Linda Brune

Linda Brune

Jackson Leadership Initiative Program began last October

Two Jackson businesswomen’s vision has become a reality.

Kim Wolford grew tired of watching young political science majors graduate and move away from Mississippi due to the lack of opportunity.

Linda Brune felt those same college students needed to see how things work in government, up close and personal.

And through their persistence, the Jackson Leadership Initiative Program was begun last October and has enrolled five Mississippi college students in an internship program that will provide an introduction to hands-on government jobs, identify potential city leaders and train them in city and state government policy and procedures.

“Jackson needs to retain the brightest youth with the most potential to bring about needed improvement in the civic and government life of our city,” said Wolford, who is employed as a legal assistant at Jackson law firm Gilbert, PLLC.  “The contacts that the students are making through this program are invaluable.”

For Brune, who is an executive administrative assistant for Downtown Jackson Partners, the JLIP is a program whose time has come.

“There were bumps in the road getting it started but the response has been great,” said Brune.  “Having worked for (DJP president) Ben Allen when he was a city councilman, I knew there had been a similar program for years but it died.  By pairing with city departments and government officials, the students are exposed to government in action and they love it.”

One of those students is Betsy Kelly, who will graduate from the Mississippi College School of Law in May.  Now a resident of the Belhaven area in Jackson, Kelly says the program has given her a greater appreciation for her adopted hometown.

“The JLIP is a great opportunity for me to get more awareness about the city and be an informed advocate,” she said.  “Thus far, I’ve really enjoyed being involved in all aspects of both city and state government.”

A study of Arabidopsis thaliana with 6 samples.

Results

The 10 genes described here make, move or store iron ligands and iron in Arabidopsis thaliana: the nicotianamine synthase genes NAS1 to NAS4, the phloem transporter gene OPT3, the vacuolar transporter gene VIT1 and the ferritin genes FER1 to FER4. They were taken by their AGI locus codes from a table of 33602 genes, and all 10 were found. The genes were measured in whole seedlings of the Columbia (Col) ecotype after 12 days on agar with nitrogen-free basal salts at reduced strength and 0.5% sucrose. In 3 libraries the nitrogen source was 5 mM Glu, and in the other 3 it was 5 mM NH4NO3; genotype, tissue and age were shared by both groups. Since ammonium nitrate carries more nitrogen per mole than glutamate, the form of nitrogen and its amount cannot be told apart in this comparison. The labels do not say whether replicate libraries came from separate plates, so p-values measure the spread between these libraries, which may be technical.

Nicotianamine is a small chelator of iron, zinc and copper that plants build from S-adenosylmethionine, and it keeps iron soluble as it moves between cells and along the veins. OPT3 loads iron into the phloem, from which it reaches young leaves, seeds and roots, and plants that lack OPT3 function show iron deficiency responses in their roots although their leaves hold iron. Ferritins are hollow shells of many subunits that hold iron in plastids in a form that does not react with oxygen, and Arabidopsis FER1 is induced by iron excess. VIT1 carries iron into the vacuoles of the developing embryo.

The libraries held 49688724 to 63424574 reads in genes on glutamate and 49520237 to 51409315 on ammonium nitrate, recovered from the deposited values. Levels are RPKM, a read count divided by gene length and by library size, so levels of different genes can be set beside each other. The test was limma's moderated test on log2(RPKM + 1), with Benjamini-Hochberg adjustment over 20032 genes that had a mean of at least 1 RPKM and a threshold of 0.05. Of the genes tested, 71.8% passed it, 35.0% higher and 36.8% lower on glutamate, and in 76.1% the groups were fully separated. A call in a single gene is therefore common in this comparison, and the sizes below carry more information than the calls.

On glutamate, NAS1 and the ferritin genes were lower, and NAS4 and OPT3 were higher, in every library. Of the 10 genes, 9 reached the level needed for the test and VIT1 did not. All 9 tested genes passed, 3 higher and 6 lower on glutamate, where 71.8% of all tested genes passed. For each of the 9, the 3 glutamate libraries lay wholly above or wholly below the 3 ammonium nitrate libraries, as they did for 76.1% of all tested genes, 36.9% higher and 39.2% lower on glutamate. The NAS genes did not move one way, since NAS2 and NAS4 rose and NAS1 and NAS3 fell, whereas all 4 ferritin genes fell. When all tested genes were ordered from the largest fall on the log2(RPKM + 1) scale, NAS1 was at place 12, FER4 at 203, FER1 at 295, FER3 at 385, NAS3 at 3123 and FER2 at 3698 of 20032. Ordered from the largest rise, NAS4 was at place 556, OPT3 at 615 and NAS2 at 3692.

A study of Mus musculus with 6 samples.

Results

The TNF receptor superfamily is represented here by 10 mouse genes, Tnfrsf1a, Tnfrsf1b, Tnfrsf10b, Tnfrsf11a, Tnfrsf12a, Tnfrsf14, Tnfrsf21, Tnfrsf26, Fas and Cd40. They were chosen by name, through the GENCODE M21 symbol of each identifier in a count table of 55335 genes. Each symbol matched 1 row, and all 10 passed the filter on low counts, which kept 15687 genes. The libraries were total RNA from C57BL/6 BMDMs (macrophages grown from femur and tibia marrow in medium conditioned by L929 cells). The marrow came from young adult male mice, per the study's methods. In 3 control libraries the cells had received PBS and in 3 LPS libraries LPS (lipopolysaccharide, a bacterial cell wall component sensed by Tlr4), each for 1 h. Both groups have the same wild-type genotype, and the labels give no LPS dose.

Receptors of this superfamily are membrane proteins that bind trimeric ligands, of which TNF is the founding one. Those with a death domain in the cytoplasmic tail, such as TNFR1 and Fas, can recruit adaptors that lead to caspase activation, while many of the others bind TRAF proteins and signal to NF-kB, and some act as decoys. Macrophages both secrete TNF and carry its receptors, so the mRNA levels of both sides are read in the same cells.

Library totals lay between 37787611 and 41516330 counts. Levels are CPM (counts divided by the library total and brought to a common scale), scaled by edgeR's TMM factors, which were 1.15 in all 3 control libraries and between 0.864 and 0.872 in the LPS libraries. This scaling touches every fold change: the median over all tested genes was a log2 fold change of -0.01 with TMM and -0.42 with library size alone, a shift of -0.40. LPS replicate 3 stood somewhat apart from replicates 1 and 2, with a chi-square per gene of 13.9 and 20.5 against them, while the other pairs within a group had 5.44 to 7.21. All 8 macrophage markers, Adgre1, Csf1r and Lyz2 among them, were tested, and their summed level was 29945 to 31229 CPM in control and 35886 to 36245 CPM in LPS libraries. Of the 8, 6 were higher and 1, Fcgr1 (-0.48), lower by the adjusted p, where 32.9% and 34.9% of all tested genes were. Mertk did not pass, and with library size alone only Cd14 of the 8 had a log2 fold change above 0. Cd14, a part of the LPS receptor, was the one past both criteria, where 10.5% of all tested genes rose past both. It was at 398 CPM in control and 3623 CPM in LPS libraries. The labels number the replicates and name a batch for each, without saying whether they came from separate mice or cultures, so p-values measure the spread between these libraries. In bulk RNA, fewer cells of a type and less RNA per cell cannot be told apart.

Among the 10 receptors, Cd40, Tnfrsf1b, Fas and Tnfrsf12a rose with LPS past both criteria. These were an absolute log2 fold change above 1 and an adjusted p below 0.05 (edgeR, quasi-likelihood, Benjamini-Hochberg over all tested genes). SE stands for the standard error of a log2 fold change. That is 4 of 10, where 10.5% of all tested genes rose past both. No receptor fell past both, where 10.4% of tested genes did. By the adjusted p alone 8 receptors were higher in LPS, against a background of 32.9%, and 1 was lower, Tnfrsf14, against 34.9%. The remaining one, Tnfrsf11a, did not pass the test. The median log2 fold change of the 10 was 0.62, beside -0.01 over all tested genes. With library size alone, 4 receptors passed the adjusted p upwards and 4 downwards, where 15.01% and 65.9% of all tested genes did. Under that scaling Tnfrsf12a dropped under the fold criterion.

Recently, Kelly spent a day in the city clerk’s office and with a policy analyst who advises the city council.  In the next few weeks, she says she’ll get to follow Jackson city councilman Jeff Weill for a day and attend a council work session.

The Jackson Leadership Initiative Program is sponsored by Adams and Reese LLP, the Greater Jackson Chamber Partnership, Mississippi Main Street Association and Downtown Jackson Partners.

“This is a whole new concept providing tremendous breadth of opportunity for college students, and the experiences they will gain from working under professionals from all walks of the government sector will prove to be an invaluable experience for them,” said John Hooks, a partner with Adams and Reese.

Unlike a typical internship program where students spend a semester at the same business or job, the JLIP offers more diverse opportunities.  Interns in the program can spend a day with a state legislator, a Jackson city councilman, a registered state lobbyist or with members of the Jackson fire and police departments.

“Despite the perception, Jackson is a wonderful town and Linda and I collaborated on the program to make a difference,” said Wolford, who moved to the Capital City from Washington, D.C., two years ago.  “Our participating colleges have been overwhelmed with students wanting to join the program.”

Shirley Tucker says the JLIP fills a void in the community and helps students find employment opportunities locally.

“We’re very excited about the opportunity afforded to these college students,” said Tucker, executive director of leadership development with the Greater Jackson Chamber Partnership.

At the conclusion of the program, participants will receive a certificate of completion from the Greater Jackson Chamber Partnership and attend a special luncheon.  Each of the students will be required to complete an evaluation of the JLIP and how they believe they can effectuate positive change.

“The Leadership Initiative Program places college political science students in various internships that allow them to see real-world situations and how important it is to give back to the community,” said Bob Wilson, executive director with the Mississippi Main Street Association.

Students enrolling in the first semester of the program include Kelly and Romika Bridges, Mississippi College School of Law; Lauren Guichard, Millsaps College; and, Bethany Bridges and JaLisa Jorden, Jackson State University.